By: Audrey, Tuesday March 15, 2016

On March 15, 2016 Dr. Marcus Luckwaldt talked to us about general veterinary procedures including micro-chipping, nail trims, blood draws and exams especially for those birds who produce blood tears during the exam. Marcus’ assistant, Dr. Erin Wiancko, a local GTA avian specialist vet with her Master’s degree in ornithology also came to help out.

Did you know that even anemic birds can give blood safely? According to Dr. Marcus, they can give up to 1% of their body weight in blood while vets require only a tiny amount for testing. The main concern when taking a blood sample is stress to the bird as stress hormones can skew the results.

Your vet will start by weighing your bird to determine the amount of blood to be drawn. Bandit “gladly” served as our example and was weighed in a closed container and his blood drawn. We all now know that he has been eating very well this winter – he is up to 511 g and will need to slim down a bit to fit into his summer speedo!

Bandit was a perfect gentleman, responding well to being toweled for the procedure and blood was drawn from the jugular vein by Dr. Marcus while Dr. Erin gently but firmly held him in the towel. Of interest is the fact that bird necks are in an “S” shape and the vet will elongate the neck to prevent the bird from reaching around and nipping during the process.

Lucy gladly acted as our Vanna White and mixed the blood in the vials and aired the slide which was stained with Bandit’s blood for further exam.

Dr. Marcus also used a speculum to check Bandit’s mouth and then proceeded to check his eyes and ears and then groom his beak and nails with the dremel.

Why do we do beak trims? Some is cosmetic but usually it is an excellent way for the vet to assess if there are any health concerns such as insufficient protein and/or calcium and to ensure that the beak will not break or chip. It helps the doctor determine if further work is needed. Unlike the human face which is not symmetric, the birds face, especially his/her beak should be. Issues with symmetry could effect eating and nutrient consumption ultimately. Generally speaking, conditions such as scissor beak are a birth defect where one side of the beak grows faster than the other. In extreme cases, correction can be done via an artificial beak added surgically. Flaking of the beak is just extra beak material being shed.

Thanks to Romeo, we were able to witness blood tears though due to Dr. Marcus and Dr. Erin’s excellent bedside manner, they were the least produced since he has been in Audrey’s care – bravo doctors Marcus and Erin! While Romeo is an Alexandrine Parakeet, we typically see blood tears in African Greys. This occurs when the animal is stressed and they have blood pressure changes which are seen in their eyes.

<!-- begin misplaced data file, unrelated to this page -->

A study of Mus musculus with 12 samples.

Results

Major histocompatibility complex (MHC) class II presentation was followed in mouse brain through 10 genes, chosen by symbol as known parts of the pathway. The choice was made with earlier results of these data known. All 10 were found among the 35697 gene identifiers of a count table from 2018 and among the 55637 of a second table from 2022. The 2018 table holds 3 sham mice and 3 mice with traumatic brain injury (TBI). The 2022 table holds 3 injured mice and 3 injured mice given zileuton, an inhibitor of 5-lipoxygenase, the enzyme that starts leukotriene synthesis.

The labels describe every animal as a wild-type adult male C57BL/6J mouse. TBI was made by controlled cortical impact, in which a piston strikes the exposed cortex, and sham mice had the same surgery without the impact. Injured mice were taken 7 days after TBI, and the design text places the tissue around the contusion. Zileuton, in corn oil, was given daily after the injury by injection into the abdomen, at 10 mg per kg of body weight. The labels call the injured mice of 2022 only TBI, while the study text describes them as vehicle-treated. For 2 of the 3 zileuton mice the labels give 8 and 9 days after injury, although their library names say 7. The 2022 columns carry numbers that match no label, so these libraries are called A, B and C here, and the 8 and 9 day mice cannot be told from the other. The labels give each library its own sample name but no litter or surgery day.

Dr. Markus performed microchip procedures using the smallest size available on 9 birds. Before performing the procedure, he always scans the patients first to make sure there isn’t one there already! The procedure is simple and in almost all cases, painless. Microchipping was provided at a steep discount of $65 which is a tangible benefit of being a paid club member.

Linda asked a question that many find confusing: Why are pellets ok for our birds and seeds given the nix if the fat content is the same? Dr. Marcus explained that each bird is unique in the amount of fat that they can consume/tolerate and so it is very individual. As well, the nutritional information on the package is representative of the total seeds in the bag, however most birds pick and choose which seeds to eat. And the information may include the weight of the shells which are discarded by the bird. Finally, don’t forget everything on the package is marketing, designed to make you want to buy the product. As a nutritionist, Audrey adds that it is also a matter of quality of fat and the ratio of nutrients and lack of some nutrients that can make an all seed diet problematic.

Other News

Last month the Club went to the Revera seniors residence. Emma, Bandit, Yar, Maxine, Chase and the cockatiels were a big hit with everyone! Lucy and John provided much needed grooming for their in-house finch and cockatiel.

Next month we will have the Parade of Parrots whereby several members will tell us about their particular parrots breed.

May is chop night! We spend about $180 on ingredients and you get to go home with good nutritious food for your parrot. If your parrot does not like fresh food, this is the perfect opportunity to get some food at no charge and put it out daily to tempt him/her to try it! Read last year’s blog and gallery to see what chop night is like.

Parrot Hotel is offering our members a 10% discount with code. Please contact Linda for the code if interested. You must be a paid member to qualify for the code – all the more reason to join now! Orders from The Parrot Hotel are shipped for free after spending $125 (but before HST). Cards for Pet Paradise with discount for being a club member are also available.

Special thanks to our guest blogger this month, Audrey!

Check out the rest of the photos in the gallery.